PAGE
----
Antebellum: Ambitious thriller lacks nuance, insight or structure

I was strongly looking forward to Antebellum. After a brilliantly constructed teaser trailer dropped in the latter months of last year, my intuition informed me that the movie-going world had a treat in store, a highly polished and original film that tackled nefarious social pathologies in the horror/thriller tradition, and that it might have even given Get Out a run for its money. The minute-long teaser suggested a high concept with some frightening sprinkles of verisimilitude and an intelligent screenplay that would have cinephiles yacking to kingdom come forevermore.

With a heavy heart, it must be stated that it never came to pass. There are fruitful ideas here among other competent cinematic ingredients but, unfortunately, Gerard Bush & Christopher Renz’s new film strings it all together in a manner that is nothing short of unconvincing and slapdash.

The film opens on a 19th-century plantation during the American Civil War. Eden (Janelle Monae) is one of many slaves subjected to sickening treatment by the Confederate soldiers who oversee the compound, enduring regular emotional abuse, merciless beatings, branding and being forced to sleep with a general known only as ‘Him’ (Eric Lange). The sadistic army personnel relish in brutalising the captives for as little as speaking without permission, and the most egregious insult is added to injury in the form of Elizabeth (Jena Malone), the psychopathic plantation owner who is so repulsively condescending that her belittlement skills are a kind of abstract piece de resistance.

Formulating an escape plan with fellow slaves Julia (Kiersey Clemons) and Eli (Tongayi Chirisa), Eden painstakingly engages in practice runs so that they may all eventually leave under cover of night. Inexplicably, Eden then awakes in 2020 in a plush apartment bed. Her name is now Veronica Henley, and she is a prolific sociologist who appears on Fox-style news programmes and writes treatises on intersectionality and the continuing struggle for people of colour, particularly women. Married with a daughter, she enjoys a substantial amount of success and frequent lavish outings with friends. All seems cushy, the barbarities of the plantation being nothing more than a nightmare.

As you can probably guess, things are not quite right at all. Ominously-messaged bouquets are delivered to her hotel suite where she is due to deliver a seminar on her work, people are increasingly icy in temperament, she encounters a spooky child in anachronistic clothing and simply cannot shake the feeling of being constantly observed. To top it off, Elizabeth is present in the contemporary world as a talent scout seeking to commission Veronica, maintaining her vexatious, patronising demeanour and sharp Louisiana twang to a T. This uncanny atmosphere begins to raise questions, namely how much of the aforementioned plantation nightmare was in a mere non-reality in Veronica’s head. Paranoia, social commentary and shocks await.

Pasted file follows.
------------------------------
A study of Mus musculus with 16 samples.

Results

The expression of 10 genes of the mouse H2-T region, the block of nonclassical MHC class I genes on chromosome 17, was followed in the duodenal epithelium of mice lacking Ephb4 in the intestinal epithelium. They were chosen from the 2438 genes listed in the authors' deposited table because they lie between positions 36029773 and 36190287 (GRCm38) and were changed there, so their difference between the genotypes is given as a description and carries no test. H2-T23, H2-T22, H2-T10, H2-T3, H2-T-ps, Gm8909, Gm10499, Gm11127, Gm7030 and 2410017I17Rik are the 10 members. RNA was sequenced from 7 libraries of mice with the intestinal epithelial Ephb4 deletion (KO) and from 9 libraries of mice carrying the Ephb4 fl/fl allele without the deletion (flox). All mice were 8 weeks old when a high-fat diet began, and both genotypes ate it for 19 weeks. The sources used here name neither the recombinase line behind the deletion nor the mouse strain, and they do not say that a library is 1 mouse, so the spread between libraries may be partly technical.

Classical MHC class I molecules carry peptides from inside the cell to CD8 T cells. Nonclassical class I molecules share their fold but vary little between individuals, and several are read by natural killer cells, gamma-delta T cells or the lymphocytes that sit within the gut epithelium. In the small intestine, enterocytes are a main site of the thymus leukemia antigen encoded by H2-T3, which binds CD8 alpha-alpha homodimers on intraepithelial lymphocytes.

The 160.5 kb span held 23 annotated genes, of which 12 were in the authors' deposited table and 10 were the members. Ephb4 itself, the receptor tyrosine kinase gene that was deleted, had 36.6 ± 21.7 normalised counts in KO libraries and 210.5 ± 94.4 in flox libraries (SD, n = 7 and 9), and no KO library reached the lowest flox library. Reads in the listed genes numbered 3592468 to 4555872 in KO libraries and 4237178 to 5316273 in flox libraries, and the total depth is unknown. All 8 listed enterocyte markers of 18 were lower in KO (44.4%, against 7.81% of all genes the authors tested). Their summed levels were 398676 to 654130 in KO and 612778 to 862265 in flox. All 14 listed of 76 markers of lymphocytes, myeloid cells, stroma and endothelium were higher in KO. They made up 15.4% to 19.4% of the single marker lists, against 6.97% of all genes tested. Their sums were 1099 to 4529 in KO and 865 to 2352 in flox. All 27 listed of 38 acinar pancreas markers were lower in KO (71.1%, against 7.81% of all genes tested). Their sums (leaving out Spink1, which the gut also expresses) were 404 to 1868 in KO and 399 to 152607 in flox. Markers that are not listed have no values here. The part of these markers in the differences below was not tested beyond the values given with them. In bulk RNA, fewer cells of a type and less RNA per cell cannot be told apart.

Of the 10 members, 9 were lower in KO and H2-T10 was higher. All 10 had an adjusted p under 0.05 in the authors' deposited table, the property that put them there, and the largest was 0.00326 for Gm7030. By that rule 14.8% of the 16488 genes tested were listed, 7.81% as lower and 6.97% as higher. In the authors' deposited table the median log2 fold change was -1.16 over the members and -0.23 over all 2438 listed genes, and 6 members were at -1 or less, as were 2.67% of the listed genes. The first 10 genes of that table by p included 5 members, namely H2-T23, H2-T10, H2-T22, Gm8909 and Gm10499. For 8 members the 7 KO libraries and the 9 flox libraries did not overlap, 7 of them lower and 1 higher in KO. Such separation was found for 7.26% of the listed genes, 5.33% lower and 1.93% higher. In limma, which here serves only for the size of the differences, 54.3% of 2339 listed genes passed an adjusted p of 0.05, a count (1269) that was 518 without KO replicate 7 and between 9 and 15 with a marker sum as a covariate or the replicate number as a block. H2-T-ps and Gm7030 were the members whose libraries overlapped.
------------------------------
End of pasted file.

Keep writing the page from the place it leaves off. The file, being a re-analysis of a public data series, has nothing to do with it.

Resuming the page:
Let us start with the positives. Pedro Luque’s cinematography is excellent, the crisp visuals providing a bountiful and immersive experience in regards to both the Civil War plantation setting and Veronica/Eden’s present-day life. Nate Wonder & Roman Gianarthur’s OST is a mix of terrifying orchestral assaults and daunting modernised arrangements that effectively nibbles on the nerves, compounding the sensation of otherworldliness that constantly follows our heroine. The central performance of Monae is strong and in earnest, a believably confident and adjusted woman troubled by the nebulous presence of racially-motivated evildoers. It all teases at something ballsy, formidable and thought-provoking.

So what the hell happened to the narrative? Despite of all these remarkable facets, Antebellum is disjointed, bizarrely paced and ultimately very uninvolving indeed. Despite Monae’s great work, Veronica/Eden and all of the supporting characters are painfully underdeveloped, relationships and motivations vaguely hinted at if addressed at all. The finished product couldn’t be more diametric from the motion picture implied by the trailer, and while this is certainly no reason to judge the work in and of itself, the central conceit that we are left with is approached with the utmost thinness, copping out in any and every instance that has potential for narrative deftness and insight. The shoddy exposition leaves the viewer with a game of connect-the-dots that is always frustrating as opposed to clever or thoughtful, the tacked-on final twist bolstered by zero momentum and rendering the themes and atrocities that we witness as no bang and all whimper.

There is a great film in there somewhere, I just wish that Bush & Renz had injected more imagination and give-a-damn into their script. The problems of racial prejudice and dehumanisation have been subject to highly novel and intelligent scrutiny in the past few years by the likes of Jordan Peele, highlighting the insidious and clandestine toxicity with which racists adapt as their worldview becomes less consensus-acceptable. Despite not dealing in science fiction or supernature (yes, I felt cheated as well), Antebellum attempts the same but never stops dropping the ball. Forgettable and pointless.